We all read in the news that websites are getting hacked nearly every day. How secure is your website? Is it secured at all? Did you know that in July 2018 Google is releasing Chrome68? What this means for you is that any website not protected with SSL/TLS (Secure-Socket Layer/Transport Layer Security) will be marked with a red triangle, indicating that the site is not secured. This could potentially have a huge effect on web traffic.
So how do you secure your website? You can install either an X509 Digital Certificate or an SSL certificate on your server. A trusted third party, called a Certificate Authority (CA), guarantees the Digital Certificate’s authenticity with a Digital Signature. This way your visitors can be sure they are where they thought they were going.
Let’s talk about SSL/TLS. There are three main types: Domain Validation (DV), Organization Validation (OV), and Extended Validation (EV).
Domain Validation (DV)
A DV site is a site that has been registered by someone who has admin rights to the site. If the certificate is valid and signed by a trusted Certificate Authority (CA), a web browser connecting to the site will inform you that it has successfully secured an HTTPS connection. You can use a DV to secure a simple, single website.
Organization Validation (OV)
An OV validates the domain’s ownership and includes ownership information; the site owner’s name, city, state, and country. This is the minimum certification level for a commercial website and protects multiple sub-domains, but is seldom used.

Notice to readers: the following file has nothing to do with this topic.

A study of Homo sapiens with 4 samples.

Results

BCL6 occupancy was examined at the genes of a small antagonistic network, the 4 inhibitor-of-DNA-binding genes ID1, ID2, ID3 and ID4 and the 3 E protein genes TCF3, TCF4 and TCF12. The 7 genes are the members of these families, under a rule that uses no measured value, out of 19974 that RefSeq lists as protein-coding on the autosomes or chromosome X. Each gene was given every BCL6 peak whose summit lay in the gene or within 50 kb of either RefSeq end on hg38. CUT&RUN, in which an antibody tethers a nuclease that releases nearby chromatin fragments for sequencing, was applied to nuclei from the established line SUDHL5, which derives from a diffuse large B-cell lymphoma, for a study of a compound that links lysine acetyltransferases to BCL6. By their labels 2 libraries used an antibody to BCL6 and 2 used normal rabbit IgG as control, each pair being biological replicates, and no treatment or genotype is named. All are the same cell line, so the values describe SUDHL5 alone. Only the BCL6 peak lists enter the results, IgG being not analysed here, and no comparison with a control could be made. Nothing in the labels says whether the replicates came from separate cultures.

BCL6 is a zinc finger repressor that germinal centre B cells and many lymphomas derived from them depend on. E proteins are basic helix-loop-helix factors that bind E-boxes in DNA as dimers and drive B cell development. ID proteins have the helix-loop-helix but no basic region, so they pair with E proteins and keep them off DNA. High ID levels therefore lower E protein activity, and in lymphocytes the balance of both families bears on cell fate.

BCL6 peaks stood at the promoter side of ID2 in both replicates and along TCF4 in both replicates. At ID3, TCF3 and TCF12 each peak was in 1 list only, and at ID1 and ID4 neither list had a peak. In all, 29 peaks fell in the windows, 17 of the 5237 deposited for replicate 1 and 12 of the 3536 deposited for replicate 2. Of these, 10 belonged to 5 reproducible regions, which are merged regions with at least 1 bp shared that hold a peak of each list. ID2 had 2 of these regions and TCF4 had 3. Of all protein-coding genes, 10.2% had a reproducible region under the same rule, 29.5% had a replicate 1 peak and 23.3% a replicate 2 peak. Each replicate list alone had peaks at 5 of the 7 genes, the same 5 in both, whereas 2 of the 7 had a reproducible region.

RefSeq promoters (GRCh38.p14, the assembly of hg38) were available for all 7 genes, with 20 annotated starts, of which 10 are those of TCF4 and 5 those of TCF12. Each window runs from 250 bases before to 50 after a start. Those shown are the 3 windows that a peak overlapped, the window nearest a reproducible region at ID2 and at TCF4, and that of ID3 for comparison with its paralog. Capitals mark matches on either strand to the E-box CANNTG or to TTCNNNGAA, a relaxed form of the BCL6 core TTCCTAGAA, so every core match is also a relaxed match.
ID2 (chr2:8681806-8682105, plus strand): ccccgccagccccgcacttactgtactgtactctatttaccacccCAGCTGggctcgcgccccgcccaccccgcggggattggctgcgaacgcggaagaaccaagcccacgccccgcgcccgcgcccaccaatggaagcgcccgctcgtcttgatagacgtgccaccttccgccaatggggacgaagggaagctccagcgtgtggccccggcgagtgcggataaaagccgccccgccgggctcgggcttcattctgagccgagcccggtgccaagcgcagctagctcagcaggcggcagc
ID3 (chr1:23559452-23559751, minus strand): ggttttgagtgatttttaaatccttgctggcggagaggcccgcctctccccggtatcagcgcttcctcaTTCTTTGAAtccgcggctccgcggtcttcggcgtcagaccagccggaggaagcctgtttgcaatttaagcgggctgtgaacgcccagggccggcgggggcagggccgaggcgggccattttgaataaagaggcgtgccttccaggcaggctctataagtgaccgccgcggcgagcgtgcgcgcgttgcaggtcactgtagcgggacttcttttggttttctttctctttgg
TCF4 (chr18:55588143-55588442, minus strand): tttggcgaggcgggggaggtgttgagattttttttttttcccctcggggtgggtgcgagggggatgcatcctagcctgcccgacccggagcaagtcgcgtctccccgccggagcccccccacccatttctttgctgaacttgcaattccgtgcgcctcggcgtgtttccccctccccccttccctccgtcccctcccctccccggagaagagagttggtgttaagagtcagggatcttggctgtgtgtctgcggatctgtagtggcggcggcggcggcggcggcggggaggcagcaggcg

Extended Validation (EV)
An EV legally validates the domain’s owners and could take weeks to get one. Sites with an EV SSL certification have a green address bar in most browsers, but it’s a single domain certificate. If you need to cover multiple sub-domains you’ll need multiple EV certificates. If you’re running an e-commerce site, use an EV SSL certificate from a well-regarded CA.
So how do you find a Certificate Authority? There are many you can use. The commercial ones, like Network Solutions, Entrust, Symantec to name a few, back up their security with a warranty. Usually between $500,000 and $1 million. There are also free ones you can do yourself, but these have no warranties. Another alternative is to self-sign your own certificate, but know that a self-signed certificate is useless for visitors since they can’t be sure your site is truly the one they had intended to use.
If you don’t have a website and are wondering if you should, check our this article.
And if you need any help with all of this, the folks here at BT Web Group are an excellent resource for you.